Disney's New Anti-Princess Heroine: Moana

"Moana" is a feminist, anti-princess heroine, who introduces a new culture and progressiveness that is rarely seen in Disney princess movies.

Disney's New Anti-Princess Heroine: Moana
Hello Giggles

**Warning: Spoilers**

Last weekend, my friends and I decided to make an impromptu visit to the nearest movie theater we could find, to see "Moana". We shared the mutual feeling of wanting to see it, since we previously knew that Lin-Manuel Miranda, the writer and leading man in the Broadway hit "Hamilton", had written some music for it. Being familiar with his work, and fans, we were pumped to see what he did with "Moana". Cutting it close, we arrived with five minutes to spare, and we weren't nearly prepared for the magical journey we were about to experience.

From the vivid animation, to the beautiful constructed music, and to its complex plot--Moana was everything I had imagined and better. In fact, it literally brought me to tears a few times, and made me laugh out loud (which is rare for me because I consider myself to be a pretty stoic person). After seeing "Moana", my friends and I have been listening and singing the songs, and talking about how phenomenal it is. Moana is a feminist, anti-princess heroine, who introduces a new culture and progressiveness that is rarely seen in Disney princess movies. In the realm of Disney movies, Moana is rather progressive as a person of color who is a fierce and powerful young woman.

Our heroine is named Moana Waialiki, a sixteen year old who is born into a royal line of Polynesian leaders. Her father is the chief of the island, and she is the heiress to the position. From a young age, Moana has had a fascination and desire to set off on the water surrounding her island, and explore other destinations. However, her father prohibits this due to the previous trauma he has experienced, as well as tribal traditions that date back generations. Once the island literally dies, and the food supply is declining, Moana wishes to find a way to fix it. Moana soon learns that she is chosen by the ocean to fix the true splendor of the ocean. She is a determined and persistent teenager, who coerces with a demigod and convinces him to help her. Moana's story is full of adventure, and with the help of Maui (the demigod) and with the ocean on her side, the island's bountifulness is restored.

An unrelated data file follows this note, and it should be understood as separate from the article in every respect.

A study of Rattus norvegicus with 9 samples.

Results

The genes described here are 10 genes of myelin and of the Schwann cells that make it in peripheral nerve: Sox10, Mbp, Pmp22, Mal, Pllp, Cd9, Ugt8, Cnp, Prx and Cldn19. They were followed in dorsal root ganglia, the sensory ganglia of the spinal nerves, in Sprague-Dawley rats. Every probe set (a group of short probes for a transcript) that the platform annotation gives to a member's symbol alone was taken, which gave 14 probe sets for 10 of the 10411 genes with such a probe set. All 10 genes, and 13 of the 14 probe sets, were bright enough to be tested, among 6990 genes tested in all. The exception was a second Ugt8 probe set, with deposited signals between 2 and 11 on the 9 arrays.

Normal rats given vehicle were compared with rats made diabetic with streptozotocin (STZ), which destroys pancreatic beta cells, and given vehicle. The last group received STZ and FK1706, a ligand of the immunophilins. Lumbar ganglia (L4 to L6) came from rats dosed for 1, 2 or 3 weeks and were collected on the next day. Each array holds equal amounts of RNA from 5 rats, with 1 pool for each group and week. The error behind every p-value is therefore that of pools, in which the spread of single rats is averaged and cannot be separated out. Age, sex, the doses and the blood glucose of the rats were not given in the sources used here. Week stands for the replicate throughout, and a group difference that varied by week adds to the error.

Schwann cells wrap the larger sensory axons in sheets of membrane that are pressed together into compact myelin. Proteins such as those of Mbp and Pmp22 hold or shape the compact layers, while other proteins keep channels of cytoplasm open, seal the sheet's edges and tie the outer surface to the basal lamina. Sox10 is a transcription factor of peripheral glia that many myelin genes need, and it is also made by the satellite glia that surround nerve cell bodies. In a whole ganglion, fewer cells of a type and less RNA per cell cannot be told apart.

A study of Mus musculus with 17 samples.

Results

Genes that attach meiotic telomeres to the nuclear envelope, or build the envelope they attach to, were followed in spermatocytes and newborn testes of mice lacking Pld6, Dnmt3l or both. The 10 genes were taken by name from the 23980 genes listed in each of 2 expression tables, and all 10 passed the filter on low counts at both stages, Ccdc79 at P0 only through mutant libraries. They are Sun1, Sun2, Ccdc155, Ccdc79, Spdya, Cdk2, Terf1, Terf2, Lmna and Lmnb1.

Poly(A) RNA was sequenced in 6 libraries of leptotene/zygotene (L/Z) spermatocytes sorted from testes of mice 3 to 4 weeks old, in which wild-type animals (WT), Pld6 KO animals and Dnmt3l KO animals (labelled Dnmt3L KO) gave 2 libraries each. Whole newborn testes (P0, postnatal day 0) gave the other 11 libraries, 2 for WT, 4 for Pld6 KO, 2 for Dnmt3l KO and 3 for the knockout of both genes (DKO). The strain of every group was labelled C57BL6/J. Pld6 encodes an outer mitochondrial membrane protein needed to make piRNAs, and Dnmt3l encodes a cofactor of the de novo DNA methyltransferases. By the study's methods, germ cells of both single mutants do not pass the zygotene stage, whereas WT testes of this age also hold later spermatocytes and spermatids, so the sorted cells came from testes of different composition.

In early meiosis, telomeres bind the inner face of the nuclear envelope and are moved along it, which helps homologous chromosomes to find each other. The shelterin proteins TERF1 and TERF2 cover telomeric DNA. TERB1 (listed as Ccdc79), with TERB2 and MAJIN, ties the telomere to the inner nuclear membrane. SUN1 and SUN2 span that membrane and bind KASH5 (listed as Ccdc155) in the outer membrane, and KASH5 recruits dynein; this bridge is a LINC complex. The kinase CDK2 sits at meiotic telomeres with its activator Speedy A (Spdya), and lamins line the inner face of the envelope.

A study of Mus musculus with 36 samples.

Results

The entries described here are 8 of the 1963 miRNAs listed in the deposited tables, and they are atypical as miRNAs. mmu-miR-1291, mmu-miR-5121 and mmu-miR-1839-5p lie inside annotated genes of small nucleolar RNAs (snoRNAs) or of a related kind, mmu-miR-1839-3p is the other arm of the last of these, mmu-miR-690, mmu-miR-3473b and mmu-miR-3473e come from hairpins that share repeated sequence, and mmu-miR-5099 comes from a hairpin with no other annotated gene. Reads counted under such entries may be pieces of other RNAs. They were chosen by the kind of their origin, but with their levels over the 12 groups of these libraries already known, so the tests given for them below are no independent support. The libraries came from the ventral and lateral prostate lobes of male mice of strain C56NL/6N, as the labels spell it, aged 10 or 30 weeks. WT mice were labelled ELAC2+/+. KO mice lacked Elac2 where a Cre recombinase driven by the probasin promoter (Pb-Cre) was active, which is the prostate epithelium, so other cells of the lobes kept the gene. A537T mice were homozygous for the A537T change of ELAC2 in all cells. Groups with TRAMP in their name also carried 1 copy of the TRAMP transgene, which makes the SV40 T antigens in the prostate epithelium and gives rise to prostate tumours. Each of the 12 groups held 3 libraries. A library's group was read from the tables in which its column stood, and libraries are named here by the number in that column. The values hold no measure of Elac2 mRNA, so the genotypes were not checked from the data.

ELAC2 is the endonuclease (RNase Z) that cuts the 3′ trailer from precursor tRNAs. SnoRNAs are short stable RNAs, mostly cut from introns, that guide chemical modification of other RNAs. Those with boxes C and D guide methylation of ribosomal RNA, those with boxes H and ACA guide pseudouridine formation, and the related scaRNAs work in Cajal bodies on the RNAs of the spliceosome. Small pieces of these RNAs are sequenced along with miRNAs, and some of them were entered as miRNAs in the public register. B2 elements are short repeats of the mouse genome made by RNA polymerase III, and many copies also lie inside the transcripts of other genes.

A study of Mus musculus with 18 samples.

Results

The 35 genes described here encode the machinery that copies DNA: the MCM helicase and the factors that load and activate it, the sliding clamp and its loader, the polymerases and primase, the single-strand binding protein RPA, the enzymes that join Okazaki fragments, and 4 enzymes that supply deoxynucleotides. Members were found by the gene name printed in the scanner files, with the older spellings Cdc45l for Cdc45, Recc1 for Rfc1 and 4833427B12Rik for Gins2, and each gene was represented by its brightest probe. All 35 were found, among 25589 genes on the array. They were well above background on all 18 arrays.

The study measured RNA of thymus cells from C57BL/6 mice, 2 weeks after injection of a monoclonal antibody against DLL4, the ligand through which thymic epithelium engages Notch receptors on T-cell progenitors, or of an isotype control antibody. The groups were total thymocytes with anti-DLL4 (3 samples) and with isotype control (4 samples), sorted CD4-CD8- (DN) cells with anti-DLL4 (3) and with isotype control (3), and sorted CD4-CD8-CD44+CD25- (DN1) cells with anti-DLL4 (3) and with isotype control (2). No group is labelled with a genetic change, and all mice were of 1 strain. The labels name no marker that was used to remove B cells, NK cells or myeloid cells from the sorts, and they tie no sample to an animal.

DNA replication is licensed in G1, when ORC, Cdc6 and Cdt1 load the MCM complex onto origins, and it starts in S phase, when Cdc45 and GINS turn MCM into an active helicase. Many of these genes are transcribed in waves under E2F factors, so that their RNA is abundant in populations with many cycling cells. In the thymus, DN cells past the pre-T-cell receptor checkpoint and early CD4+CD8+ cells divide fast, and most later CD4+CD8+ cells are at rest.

"Moana" is the first Disney movie about Pacific Islanders. It actually starts some Pacific Islanders itself, including the voice of Moana, Auli’i Cravalho, a Hawaiian teenager making her film debut. Polynesian culture was actually carefully researched and incorporated in the film, though debates on its accuracy have been occurring for months. Despite the controversy though, the attempt to educate the audience about the Pacific Island culture is clearly there. For example, the demigod Maui , voiced by Dwayne "The Rock" Johnson, is an actual mythological figure. He was created using multiple versions of the myth and can be found in the mythology of several islands such as Hawaii, Tonga, Samoa, Tahiti, French Polynesia and New Zealand. Maui's hook that helps his shape shift is completely part of the myth as well. Maui is known to be a trickster, which is definitely reflected in the character.

As well as mythology, other facets of the culture are seen in the film. The ocean and nature are big parts of the characters' lives. The ocean is such an important part of Pacific culture, so the filmmakers decided to make the ocean an actual character. In Pacific culture the ocean is literally the life blood of a community, providing food and acting as the highways for navigators exploring new lands. The music, some written by Lin-Manuel Miranda, is equally as significant. People of the Pacific pass on their traditions and knowledge orally, which was often done in song. While listening to the music, the cultural influences are definitely apparent. Additionally, many of the characters have stunning tattoos. This is because Pacific cultures were some of the first in the world to practice tattooing. "Moana" also addresses the history of Pacific Island pioneers, through the story telling song "We Know the Way".

"Moana" sets the standard for a new generation of Disney movies. With a strong female lead, who is soon to rule an island, without a love interest--"Moana" is incredibly feminist. Her character tells the story of survival, independence, identity, and self-belief. Along her journey, her insecurity grows to confidence and she finds the power she has always had within. Moana saves the fate of her island, all by herself and even defeats the evil lava-monster without the help of Maui. Even when he abandons her, she finds the courage to go on by herself. She sings “How Far I’ll Go, a song about accepting her true strength and potential, which is extremely uplifting and inspiring.

I thoroughly enjoyed watching "Moana", and honestly would see it again. It's absolutely a move I recommend, with it's gorgeous animation, catchy songs, and inspirational story. It's refreshing to see such a different story of a young girl from Disney and I hope young girls who watch it, feel as moved as I do.